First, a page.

An Existential Proof Redux

  1. I exist. [Introspectively true]

2. What I am is a thinking thing — I experience myself as thinking, and so as existing. [Descartes’ res cogitans argument]

3. But what I am — a thinking subject — is distinct from the fact that I am.

4. So, the fact that I exist is not explained by the kind of being that I am, which is to say that it is not of my essence to exist.

5. Because my essence is distinct from my existence — and therefore the fact that I exist is not explained by the kind of being that I am — there must be an efficient cause to account for my being as the kind of being that I am — that is, there must be an efficient cause capable of conjoining essence and existence.

6. This efficient cause must be responsible for the conjoining of my essence and existence, here and now, and at every point at which I exist, since at no point at which I exist does my essence entail my existence. We are thus concerned with an efficient cause that is logically prior, and not temporally prior.

7. This cause must be a) itself a composite of essence and existence, or b) it must be such that in it essence and existence are not distinct, but identical. There are no other possibilities.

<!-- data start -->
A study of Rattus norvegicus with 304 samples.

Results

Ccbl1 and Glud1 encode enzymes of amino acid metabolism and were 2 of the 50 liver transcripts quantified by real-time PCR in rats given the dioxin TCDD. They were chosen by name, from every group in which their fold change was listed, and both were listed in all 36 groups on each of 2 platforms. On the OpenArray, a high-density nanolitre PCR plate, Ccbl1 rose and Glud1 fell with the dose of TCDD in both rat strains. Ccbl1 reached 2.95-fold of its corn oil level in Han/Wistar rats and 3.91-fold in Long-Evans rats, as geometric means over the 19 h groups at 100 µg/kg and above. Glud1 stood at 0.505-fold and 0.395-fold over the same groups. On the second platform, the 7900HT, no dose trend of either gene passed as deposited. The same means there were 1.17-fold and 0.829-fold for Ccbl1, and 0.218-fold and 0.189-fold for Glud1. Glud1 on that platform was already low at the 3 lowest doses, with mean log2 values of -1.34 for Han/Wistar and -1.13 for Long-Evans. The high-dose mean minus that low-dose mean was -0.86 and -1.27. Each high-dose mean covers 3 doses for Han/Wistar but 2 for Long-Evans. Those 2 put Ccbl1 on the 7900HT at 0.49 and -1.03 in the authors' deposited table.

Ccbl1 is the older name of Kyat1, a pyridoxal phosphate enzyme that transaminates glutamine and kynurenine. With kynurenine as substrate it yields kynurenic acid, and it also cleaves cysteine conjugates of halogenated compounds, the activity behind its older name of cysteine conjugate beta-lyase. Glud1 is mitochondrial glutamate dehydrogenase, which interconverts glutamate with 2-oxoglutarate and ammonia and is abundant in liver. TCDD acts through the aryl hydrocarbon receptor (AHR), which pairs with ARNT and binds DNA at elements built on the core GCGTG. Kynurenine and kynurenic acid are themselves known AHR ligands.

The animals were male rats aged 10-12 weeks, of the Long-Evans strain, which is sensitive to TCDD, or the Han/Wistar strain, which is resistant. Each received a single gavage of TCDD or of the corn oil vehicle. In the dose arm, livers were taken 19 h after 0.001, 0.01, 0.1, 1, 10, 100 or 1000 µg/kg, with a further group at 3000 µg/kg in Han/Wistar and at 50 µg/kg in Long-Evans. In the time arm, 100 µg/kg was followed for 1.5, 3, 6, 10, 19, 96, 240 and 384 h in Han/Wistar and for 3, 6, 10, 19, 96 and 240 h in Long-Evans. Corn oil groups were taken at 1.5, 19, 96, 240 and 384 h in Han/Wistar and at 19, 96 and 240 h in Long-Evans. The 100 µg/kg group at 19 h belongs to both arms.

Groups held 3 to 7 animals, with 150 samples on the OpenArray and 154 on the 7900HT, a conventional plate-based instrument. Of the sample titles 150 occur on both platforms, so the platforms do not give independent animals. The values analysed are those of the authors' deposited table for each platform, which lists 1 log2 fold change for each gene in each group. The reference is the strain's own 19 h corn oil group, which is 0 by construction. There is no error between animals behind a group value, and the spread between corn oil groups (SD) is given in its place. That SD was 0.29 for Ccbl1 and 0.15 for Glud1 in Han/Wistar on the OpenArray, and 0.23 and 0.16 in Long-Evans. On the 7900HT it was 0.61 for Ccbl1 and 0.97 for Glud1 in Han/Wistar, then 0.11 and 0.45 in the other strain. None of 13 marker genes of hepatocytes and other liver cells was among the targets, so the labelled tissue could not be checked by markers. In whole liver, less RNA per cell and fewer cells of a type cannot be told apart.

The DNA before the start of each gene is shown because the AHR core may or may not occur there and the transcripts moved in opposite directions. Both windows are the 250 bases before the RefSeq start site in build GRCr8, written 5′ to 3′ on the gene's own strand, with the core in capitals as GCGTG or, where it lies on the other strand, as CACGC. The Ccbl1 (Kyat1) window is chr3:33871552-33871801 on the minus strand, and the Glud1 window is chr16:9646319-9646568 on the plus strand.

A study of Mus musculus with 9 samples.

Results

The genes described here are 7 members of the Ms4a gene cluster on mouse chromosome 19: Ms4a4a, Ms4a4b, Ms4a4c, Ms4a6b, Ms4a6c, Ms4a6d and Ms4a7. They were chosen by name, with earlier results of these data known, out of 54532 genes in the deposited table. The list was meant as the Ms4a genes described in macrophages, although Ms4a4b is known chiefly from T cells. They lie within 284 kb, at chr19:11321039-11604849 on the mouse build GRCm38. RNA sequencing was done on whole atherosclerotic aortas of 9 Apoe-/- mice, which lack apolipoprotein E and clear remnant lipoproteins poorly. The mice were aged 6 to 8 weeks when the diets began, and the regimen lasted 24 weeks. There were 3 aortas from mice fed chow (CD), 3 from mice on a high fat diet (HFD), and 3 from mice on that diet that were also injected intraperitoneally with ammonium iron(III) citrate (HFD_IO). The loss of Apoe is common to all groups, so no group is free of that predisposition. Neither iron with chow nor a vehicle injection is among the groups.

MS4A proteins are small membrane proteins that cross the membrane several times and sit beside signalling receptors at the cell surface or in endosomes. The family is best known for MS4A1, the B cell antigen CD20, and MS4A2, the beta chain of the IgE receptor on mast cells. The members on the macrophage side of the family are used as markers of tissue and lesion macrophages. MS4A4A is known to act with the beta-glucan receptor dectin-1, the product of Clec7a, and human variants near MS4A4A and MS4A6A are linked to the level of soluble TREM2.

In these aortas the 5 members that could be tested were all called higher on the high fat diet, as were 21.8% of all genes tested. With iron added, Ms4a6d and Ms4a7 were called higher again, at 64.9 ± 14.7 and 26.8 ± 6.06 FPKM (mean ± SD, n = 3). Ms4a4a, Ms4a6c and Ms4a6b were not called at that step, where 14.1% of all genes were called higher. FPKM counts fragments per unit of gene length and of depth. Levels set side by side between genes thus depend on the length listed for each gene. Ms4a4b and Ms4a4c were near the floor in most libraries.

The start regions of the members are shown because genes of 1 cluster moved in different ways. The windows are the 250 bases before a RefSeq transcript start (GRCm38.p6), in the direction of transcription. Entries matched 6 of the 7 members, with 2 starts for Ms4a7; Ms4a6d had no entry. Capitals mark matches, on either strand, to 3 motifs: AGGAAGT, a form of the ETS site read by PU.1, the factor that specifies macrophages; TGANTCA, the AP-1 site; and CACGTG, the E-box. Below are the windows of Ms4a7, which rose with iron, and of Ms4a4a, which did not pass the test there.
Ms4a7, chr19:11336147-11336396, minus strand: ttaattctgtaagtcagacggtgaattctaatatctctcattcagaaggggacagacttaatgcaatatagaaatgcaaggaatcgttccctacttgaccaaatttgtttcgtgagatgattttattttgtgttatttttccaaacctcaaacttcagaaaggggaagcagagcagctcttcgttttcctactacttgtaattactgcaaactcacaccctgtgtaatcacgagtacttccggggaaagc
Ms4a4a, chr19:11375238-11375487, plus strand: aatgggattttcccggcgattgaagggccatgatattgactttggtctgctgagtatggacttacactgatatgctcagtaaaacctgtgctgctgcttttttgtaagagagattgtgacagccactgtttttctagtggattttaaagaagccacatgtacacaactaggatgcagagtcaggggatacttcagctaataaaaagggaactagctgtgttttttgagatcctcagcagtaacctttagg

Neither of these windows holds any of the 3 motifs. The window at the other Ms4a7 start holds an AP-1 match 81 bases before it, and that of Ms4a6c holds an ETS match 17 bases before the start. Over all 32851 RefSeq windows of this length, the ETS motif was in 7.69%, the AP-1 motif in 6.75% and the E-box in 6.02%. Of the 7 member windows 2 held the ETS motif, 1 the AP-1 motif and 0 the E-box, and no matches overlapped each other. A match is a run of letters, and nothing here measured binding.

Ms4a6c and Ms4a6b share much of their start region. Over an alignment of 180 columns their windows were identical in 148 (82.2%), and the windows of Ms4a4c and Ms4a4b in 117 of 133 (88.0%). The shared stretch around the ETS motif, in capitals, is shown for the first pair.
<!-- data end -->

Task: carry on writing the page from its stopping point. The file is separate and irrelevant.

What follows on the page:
8. Now, anything in which essence and existence are distinct will itself require an efficient cause, since its essence will not account for its existence any more than the essence of a unicorn accounts for its real existence.

9. But in any non-temporal series of causes in which one essence/existence composite is conjoined by a further, logically prior essence/existence composite, one cannot proceed to infinity. For if every member in the series exists only in a derivative way — insofar as its essence and existence are at all times conjoined by some extrinsic cause — then, unless there is a cause of the causality operating throughout the series — a first cause [1] — then the series of composite existents would simply fail to exist.

10. So, my existence here and now must be efficiently caused by something in which essence and existence are not distinct, but identical.

11. Something in which essence and existence are identical is what, among other things, we traditionally mean by “God”. [2]

12. So, God exists.


[1]: We mean “first cause” in the sense of being the ultimate or most fundamental cause of every essence/existence composite.

[2]: We may go further and say that the ultimate cause of my ongoing existence must be necessary, since it is of its very essence to be; it must also be immaterial, since every material being is a composite of essence and existence. Other divine attributes such as omnipotence, eternity, simplicity, etc. follow from the conclusion of premise 10.